TERRE HAUTE —
A malnourished and injured young dog is now on the mend after being rescued by animal control officers with the Terre Haute Police Department.
Dubbed “Jupiter,” the pit-bull mix is a female younger than six months whose apparent mistreatment includes a large gash on her head, burn marks on her back and the botched amputation of her tail.
Police hope someone will report who is responsible for the abuse of Jupiter, not only so that criminal charges can be pursued, but to make sure that other animals are not suffering the same type of pain and misery.
“I am so tired of people abusing animals,” said code enforcement officer Laurie Tharp on Monday morning. She and fellow officer Jamie Ennen said they’ve noticed a change in the type of animal cruelty cases they are seeing.
“A lot of the cruelty cases we get are starvation,” Ennen said. THPD averages three or four reports of animal cruelty each week.
And with the colder weather, police are also receiving more reports of people leaving animals outside without shelter, straw for warm bedding, and no food and water. When officers respond to investigate a complaint, they often find animals confined in small areas that are filthy with animal feces, the officers said.
Jupiter was obviously underfed when the officers picked her up Monday morning. The dog was first spotted during the weekend in the area of 16th Street and Grand Avenue when she started following a boy home.
Ennen said she was impressed by how friendly the dog was with officers, even after her ordeal.
“She’s so sweet. Laurie put her in the truck with her and the dog tried to lick her face,” Ennen said.
The officers were horrified by the condition of the dog’s tail, which appeared to have been cut off in a bad attempt to bob it.
They took the dog to the THHS animal shelter, where staff quickly called the Airport Veterinary Clinic on Indiana 46 and arranged for advanced medical treatment.
Jupiter, named for a song playing on the radio when Tharp picked up the canine, received five stitches to the top of her head, and had the remainder of her tail amputated because the tissue was dead and infected.
“We don’t know what caused the trauma,” said Megan Bilyeu, practice manager at the veterinary clinic. “But we do know the injuries happened two to three weeks ago.”
It is possible that some of the injuries came from being hit by a car, Bilyeu said, but it is also likely that someone purposely injured the dog.
The cost of Jupiter’s treatment will be billed to the humane society at a reduced rate, Bilyeu said, but the dog will need antibiotics and pain medicine for several days. Jupiter was also spayed during her brief time at the vet clinic.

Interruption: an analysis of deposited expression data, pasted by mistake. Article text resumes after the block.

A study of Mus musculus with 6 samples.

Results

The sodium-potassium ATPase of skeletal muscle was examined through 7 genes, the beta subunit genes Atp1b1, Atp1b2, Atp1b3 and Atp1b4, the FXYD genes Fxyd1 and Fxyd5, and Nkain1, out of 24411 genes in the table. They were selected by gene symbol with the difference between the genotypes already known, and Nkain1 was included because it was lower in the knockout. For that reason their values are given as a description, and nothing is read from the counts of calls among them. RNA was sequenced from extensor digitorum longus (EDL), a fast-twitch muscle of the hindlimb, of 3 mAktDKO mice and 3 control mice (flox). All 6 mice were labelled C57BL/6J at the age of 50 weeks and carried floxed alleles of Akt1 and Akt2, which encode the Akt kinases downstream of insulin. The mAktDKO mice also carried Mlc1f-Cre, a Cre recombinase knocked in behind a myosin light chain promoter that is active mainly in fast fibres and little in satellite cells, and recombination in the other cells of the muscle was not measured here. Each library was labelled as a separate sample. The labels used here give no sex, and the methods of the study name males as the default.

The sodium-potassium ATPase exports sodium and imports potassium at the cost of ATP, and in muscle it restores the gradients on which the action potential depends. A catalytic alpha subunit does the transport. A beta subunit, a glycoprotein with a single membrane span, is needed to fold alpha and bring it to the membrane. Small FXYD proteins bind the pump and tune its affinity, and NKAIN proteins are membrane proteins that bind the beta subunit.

Now recovering peacefully at the Terre Haute Humane Society animal shelter, Jupiter’s rough young life is a trend that animal control officers say has been on the rise around the city.
“It seems like we are seeing more abused animals coming in with injuries, not just neglect,” agreed Cheryl Shaver, assistant manager of the humane society shelter. “I am very happy that Laurie and the animal control officers are investigating and will turn this case over to the prosecutor.”
Shaver said Jupiter will remain in the shelter’s infirmary while her injuries heal. She will receive pain medication and antibiotics to fight infection for the next 10 days. However, she can be transferred to a foster family pending adoption.
While the dog seemed a bit subdued on Monday afternoon at the shelter, perhaps because of her medical treatment, she was friendly to visitors and was well-behaved while on a leash.
“She certainly seems to have kept her friendly disposition,” Shaver said. “I don’t think there’s anything more forgiving.”
Investigators, however, are not as forgiving, and are asking for the public’s assistance in finding those responsible for Jupiter’s condition. Tips can be called anonymously to Crime Stoppers at 812-238-STOP, or to the Code Enforcement Division at THPD at 812-238-1661.
You Can Help
• Investigators are asking for the public’s assistance in finding those responsible for Jupiter’s condition. Tips can be called anonymously to Crime Stoppers at 812-238-STOP, or to the Code Enforcement Division at THPD at 812-238-1661.
Reporter Lisa Trigg can be reached at 812-231-4254 or firstname.lastname@example.org. Follow her on Twitter @TribStarLisa.